On February 6, 2020, the Centers for Medicare & Medicaid Services (CMS) sent a letter to Georgia Gov. Brian Kemp, announcing that the reinsurance portion of Georgia’s 1332 waiver application is complete. The announcement allows the agency to begin the 180-day notice-and-comment period on that section of Georgia’s waiver application. However, CMS paused its preliminary review of the other portion of the application, which would make significant changes to the state’s health insurance marketplace. These changes are problematic for multiple reasons and could make health insurance plans cost-prohibitive for a significant portion of Georgia’s population, including many who are currently insured.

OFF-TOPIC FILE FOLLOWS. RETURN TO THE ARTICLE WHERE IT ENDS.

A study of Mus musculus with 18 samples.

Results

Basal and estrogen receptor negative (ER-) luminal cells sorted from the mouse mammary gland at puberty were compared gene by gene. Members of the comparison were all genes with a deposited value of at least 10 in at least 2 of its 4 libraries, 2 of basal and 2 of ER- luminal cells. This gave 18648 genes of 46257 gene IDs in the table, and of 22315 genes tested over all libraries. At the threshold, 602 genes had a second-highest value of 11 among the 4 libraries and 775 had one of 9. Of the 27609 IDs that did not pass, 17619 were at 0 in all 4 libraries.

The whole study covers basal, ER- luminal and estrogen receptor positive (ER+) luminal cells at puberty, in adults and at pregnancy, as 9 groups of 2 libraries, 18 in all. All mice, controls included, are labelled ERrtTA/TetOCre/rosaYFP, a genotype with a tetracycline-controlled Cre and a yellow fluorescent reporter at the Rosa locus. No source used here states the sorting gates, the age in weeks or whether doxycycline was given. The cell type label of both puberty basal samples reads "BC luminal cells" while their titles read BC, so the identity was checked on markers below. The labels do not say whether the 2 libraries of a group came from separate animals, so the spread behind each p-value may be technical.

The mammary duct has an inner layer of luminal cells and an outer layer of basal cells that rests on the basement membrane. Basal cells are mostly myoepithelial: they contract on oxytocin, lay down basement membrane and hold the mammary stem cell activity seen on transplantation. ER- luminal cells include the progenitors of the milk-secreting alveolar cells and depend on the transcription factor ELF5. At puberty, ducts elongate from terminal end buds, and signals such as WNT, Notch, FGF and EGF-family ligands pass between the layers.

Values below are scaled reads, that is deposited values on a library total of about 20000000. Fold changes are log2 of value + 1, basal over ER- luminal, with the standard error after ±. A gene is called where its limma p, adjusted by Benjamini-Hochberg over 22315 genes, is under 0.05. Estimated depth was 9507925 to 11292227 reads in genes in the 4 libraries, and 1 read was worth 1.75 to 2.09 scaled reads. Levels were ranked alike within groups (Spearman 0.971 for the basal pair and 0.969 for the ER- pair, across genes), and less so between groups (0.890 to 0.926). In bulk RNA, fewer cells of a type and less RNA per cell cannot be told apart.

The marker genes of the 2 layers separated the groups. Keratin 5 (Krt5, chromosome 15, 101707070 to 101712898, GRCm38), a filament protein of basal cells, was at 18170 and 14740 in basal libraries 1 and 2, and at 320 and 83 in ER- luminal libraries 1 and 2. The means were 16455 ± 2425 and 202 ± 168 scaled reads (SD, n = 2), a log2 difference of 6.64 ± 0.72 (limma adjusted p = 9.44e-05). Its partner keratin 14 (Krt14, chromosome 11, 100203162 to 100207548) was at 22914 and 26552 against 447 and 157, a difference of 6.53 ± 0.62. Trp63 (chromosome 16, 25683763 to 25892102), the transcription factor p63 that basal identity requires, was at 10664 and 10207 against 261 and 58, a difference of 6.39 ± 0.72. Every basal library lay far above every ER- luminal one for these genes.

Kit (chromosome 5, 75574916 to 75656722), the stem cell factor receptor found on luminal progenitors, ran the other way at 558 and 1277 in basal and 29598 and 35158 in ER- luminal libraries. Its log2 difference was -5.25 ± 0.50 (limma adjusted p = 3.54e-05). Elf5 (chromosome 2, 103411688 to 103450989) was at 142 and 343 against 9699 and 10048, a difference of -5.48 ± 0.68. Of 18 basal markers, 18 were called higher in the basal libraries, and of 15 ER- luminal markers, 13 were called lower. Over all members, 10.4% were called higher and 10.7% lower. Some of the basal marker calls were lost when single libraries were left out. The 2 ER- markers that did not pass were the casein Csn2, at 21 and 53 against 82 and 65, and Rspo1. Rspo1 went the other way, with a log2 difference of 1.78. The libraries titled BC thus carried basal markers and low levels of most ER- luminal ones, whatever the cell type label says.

In the letter, CMS announced that it would not review the remaining sections of the state’s waiver application until it receives additional information about how the waiver application will satisfy the four Sec. 1332 guardrails set forth in the Patient Protection and Affordable Care Act (ACA). These guardrails require states that are requesting a Sec. 1332 waiver to:
- Provide coverage that is at least as comprehensive as the coverage defined in Section 1302(b) and offered through Exchanges;
- Provide coverage and cost-sharing protections against excessive out-of-pocket spending that are at least as affordable as the provisions of this title would provide;
- Provide coverage to at least a comparable number of its residents as the provisions of this title would provide; and
- Not increase the federal deficit.
See our previous post on this topic for more information on Georgia’s initial request and the arguments against the proposed changes.